17th Gyalwa Karmapa"Buddhism is a way of life through which we develop the qualities of our mind.
This way of life is very unusual, as it is a means to attain happiness without harming others.



Right attitude for practice

Lama Gendun Rinpoche

Practice, in a sense, is the same as any kind of work. If we really want to succeed at something, then we have to put effort into it day after day. And if we want to reach the goal of the Dharma, then we must also apply ourselves to it day after day.

Our practice should not weaken but on the contrary develop further and further as time goes by. If our practice is careless, then there is no blessing really transmitted, because when we are practising, our mind is already distracted and thinking about other things. Even when drinking tea, we are not really enjoying the tea but thinking of what we plan to do, rather than being really mindful and concentrated on the fact that we are drinking. This kind of attitude gives rise to many desires and feelings related to the future, as well as a lot of frustration, because we are constantly projecting ourselves into a future which is as yet unclear, only creating a lot of desires about something that often doesn't even happen. Concerned about the future, our mind is continually occupied by our plans and projects and there is no room to think of our present practice. We get carried away more and more by carelessness.

A lot of defects start to develop without our noticing it. We forget about the practice we are doing, our mind is not concentrated, it just jumps from one thought to the next. We then lose our enthusiasm and aspiration for Dharma practice. As our meditation is not developing well, we feel more frustrated than before and we have more negative feelings of anger, pride and jealousy. We forget to be aware, to remind ourselves constantly of the need to practise with diligence without expecting any result. We should see how this kind of careless attitude only serves to bring even more hope and fear in its wake.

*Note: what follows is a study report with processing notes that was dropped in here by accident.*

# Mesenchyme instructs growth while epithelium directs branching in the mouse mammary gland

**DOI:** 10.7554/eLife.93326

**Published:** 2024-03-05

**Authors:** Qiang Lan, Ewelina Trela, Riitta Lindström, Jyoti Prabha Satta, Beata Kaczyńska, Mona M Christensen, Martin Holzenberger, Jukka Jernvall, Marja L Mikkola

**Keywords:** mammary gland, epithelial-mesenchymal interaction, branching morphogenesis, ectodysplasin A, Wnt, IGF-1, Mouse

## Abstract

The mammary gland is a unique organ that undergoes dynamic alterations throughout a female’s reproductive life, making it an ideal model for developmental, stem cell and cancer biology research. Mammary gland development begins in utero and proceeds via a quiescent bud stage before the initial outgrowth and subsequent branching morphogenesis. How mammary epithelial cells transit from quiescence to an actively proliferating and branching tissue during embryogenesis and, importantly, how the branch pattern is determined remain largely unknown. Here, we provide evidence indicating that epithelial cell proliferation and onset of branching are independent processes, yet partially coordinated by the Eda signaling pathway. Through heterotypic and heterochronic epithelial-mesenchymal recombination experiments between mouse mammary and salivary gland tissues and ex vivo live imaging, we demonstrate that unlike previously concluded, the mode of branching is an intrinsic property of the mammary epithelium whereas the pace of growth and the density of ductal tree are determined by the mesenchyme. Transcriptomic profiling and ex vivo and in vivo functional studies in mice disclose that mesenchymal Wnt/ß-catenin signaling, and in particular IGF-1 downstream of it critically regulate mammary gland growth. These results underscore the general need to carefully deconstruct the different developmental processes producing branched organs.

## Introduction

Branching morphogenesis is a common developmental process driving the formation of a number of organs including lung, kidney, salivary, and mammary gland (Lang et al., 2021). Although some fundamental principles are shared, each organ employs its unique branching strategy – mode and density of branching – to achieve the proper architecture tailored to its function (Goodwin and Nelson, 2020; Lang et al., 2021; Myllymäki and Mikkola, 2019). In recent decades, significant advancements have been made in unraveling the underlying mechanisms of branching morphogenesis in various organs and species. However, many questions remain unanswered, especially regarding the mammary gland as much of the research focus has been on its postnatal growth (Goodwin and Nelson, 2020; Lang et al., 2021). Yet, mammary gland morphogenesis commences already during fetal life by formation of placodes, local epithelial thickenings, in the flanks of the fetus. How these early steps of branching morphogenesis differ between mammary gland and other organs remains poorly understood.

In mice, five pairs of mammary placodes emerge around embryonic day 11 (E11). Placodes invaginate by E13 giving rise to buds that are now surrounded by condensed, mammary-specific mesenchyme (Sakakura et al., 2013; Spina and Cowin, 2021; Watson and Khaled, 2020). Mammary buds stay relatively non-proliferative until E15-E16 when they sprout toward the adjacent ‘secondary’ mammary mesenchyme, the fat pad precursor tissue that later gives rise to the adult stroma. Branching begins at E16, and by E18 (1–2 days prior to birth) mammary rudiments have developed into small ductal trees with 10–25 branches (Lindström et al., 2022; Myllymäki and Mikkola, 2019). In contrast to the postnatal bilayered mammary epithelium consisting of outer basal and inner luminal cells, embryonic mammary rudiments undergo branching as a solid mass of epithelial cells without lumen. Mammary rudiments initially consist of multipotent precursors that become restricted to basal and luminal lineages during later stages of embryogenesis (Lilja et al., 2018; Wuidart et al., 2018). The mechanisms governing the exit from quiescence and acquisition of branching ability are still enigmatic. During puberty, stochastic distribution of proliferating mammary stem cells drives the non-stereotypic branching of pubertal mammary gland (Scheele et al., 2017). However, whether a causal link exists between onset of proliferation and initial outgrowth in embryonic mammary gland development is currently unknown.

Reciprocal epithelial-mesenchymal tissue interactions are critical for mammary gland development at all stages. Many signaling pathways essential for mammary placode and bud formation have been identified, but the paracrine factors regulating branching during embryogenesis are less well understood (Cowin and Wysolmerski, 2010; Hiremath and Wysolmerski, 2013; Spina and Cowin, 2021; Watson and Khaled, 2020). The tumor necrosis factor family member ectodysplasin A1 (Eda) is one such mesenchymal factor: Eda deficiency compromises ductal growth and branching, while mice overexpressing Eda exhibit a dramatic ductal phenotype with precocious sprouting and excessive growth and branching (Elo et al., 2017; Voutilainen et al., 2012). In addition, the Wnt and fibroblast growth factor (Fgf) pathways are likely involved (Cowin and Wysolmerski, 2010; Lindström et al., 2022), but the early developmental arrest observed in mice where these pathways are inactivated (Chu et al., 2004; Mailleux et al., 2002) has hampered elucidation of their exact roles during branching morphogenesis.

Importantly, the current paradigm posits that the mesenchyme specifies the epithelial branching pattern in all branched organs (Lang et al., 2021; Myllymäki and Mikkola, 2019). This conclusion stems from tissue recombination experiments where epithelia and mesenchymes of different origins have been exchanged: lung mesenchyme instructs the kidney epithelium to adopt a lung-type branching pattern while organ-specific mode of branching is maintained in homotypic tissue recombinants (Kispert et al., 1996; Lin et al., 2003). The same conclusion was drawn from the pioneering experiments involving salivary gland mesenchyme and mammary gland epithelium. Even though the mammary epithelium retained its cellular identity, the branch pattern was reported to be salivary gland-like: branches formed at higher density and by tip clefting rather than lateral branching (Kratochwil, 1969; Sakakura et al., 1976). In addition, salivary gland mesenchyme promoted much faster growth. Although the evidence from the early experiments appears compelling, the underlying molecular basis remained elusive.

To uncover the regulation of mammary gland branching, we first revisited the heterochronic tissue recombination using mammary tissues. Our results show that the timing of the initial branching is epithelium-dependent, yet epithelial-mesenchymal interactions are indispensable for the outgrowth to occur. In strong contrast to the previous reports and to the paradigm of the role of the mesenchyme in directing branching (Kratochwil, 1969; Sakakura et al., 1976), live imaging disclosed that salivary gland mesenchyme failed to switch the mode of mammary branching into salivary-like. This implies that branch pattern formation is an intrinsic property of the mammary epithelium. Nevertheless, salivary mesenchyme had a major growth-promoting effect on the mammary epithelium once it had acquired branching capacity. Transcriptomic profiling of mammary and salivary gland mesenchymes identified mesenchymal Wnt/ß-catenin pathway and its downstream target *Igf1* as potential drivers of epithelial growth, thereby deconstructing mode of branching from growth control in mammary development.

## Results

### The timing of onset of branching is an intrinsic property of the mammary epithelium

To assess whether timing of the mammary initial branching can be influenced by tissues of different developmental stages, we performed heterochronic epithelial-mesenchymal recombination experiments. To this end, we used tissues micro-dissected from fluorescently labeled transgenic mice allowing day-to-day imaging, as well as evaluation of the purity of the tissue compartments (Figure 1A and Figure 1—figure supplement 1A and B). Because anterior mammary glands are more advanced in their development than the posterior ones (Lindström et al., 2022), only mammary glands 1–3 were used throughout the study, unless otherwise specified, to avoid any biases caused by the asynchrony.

We must reflect very carefully on this because this is the biggest defect that a practitioner can experience. Basically it comes from pride. Because we have practised for some years and done this and that practice, we think that we have become someone very special, a person with invaluable experience and knowledge about the Dharma. We are sure that we are much better than before. In fact, the less we practise and develop spiritually, the more we think we are someone very good and important. We feel really pure, and see that others are not so pure, that they are unskilful, that they are wrong while we are right. We develop the feeling that we have a really good understanding of the Dharma and genuine realisation. In the end, we think we know better than the lama himself. He is very kind, but does not really see what we see, he is not really aware like we are. We think that we are now enlightened, a buddha, and that the lama doesn't understand us. This is how our pride gets bigger and bigger, until we get totally carried away by it. We are convinced that we are right and others wrong, but we don't notice that we are becoming more and more unstable, getting more and more into trouble, our mind more and more disturbed by the angry feelings we have towards others and even towards the teacher and Dharma practice itself.

This is not really rare, it is a very common situation among practitioners, because pride is always there so the danger is always there as well. It is a great risk for the practitioner.